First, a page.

Spanish, Lithuanian leaders' press conference interrupted by jet fighter scramble

Spanish Prime Minister Pedro Sanchez, second left, and Lithuanian President Gitanas Nauseda, third from right, arrive for a press conference after their meeting at Siauliai Air Base in Lithuania, on Thursday.

Vilnius, LithuaniaA press conference of Spanish Prime Minister Pedro Sanchez and Lithuanian President Gitanas Nauseda at a Lithuanian air base was interrupted on Thursday when Spanish jets were scrambled to respond to the launch of a Russian warplane.

A live broadcast showed the news conference at Siauliai Air Base, in front of the nose of a military jet, interrupted after three minutes, as pilots began running towards the plane and climbing inside.
Nauseda briefly continued speaking, until he and Sanchez were led aside. The podiums and flags were removed and media dispersed to clear the way for take-off.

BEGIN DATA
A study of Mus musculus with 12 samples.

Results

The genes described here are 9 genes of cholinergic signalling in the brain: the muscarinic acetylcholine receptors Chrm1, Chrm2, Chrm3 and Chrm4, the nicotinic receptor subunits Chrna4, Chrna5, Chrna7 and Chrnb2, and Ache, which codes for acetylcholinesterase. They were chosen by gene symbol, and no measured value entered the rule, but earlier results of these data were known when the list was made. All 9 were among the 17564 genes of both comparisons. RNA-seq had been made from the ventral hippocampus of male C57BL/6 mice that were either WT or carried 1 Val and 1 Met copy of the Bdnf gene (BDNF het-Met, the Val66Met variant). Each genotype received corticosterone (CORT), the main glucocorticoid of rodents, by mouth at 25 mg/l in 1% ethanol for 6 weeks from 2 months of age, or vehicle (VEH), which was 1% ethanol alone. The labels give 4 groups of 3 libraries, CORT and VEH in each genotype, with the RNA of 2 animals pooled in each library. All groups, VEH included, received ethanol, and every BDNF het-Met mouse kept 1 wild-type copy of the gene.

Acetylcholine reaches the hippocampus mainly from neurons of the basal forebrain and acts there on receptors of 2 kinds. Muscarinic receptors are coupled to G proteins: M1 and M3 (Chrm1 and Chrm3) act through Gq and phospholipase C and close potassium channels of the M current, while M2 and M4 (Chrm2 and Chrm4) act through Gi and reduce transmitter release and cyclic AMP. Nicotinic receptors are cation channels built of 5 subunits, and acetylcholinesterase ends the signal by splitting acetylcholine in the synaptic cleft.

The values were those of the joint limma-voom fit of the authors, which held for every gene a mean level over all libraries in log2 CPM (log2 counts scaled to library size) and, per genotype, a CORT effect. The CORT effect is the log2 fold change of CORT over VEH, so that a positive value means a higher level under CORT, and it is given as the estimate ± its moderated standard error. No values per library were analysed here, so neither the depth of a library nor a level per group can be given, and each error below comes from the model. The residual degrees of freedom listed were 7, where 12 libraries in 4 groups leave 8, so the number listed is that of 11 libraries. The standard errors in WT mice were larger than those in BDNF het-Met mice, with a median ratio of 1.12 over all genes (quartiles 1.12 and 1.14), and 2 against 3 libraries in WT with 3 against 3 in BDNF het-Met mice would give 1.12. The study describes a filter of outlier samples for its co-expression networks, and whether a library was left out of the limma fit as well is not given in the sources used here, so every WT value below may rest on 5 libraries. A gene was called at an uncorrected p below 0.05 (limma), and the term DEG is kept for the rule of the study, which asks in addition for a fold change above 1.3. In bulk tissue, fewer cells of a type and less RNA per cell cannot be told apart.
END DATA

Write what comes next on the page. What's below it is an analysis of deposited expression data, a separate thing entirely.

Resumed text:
A Eurofighter jet takes part in a flying display in England in 2016.
    Spanish jets, based in Lithuania on a NATO mission to police Baltic air space, took off at 0855 GMT after reports that a military jet had taken off from Russia's Kaliningrad region without filing a flight plan, said a spokesperson for the Lithuanian army's joint chiefs of staff.
      A NATO official said the Eurofighters identified two Russian Su-24 jets heading northeast, which did not file a flight plan, have their transponders turned on or talk to air traffic controllers.
        After the take-off, the news conference resumed, and Sanchez thanked the pilots "for the hard work they do to defend the territorial integrity of Lithuania as we just saw."
        There was no danger to Sanchez or Nauseda, the Lithuanian President's spokesman said.
          "This demonstrates once again the importance of NATO's air policing mission, which has been running for 60 years to keep our skies safe," said NATO spokesperson Oana Lungescu.
            Seven Spanish Eurofighter jets have been based at Siauliai Air Base since April 30 for the Baltic air policing mission, which also includes four Italian F-35 aircraft at Estonia's Amari Air Base.
            The Baltic air police mission routinely follows Russian military aircraft flying over international waters over the Baltic Sea between the Russian mainland and the Kaliningrad enclave. The Russian jets often fly without filing a flight plan.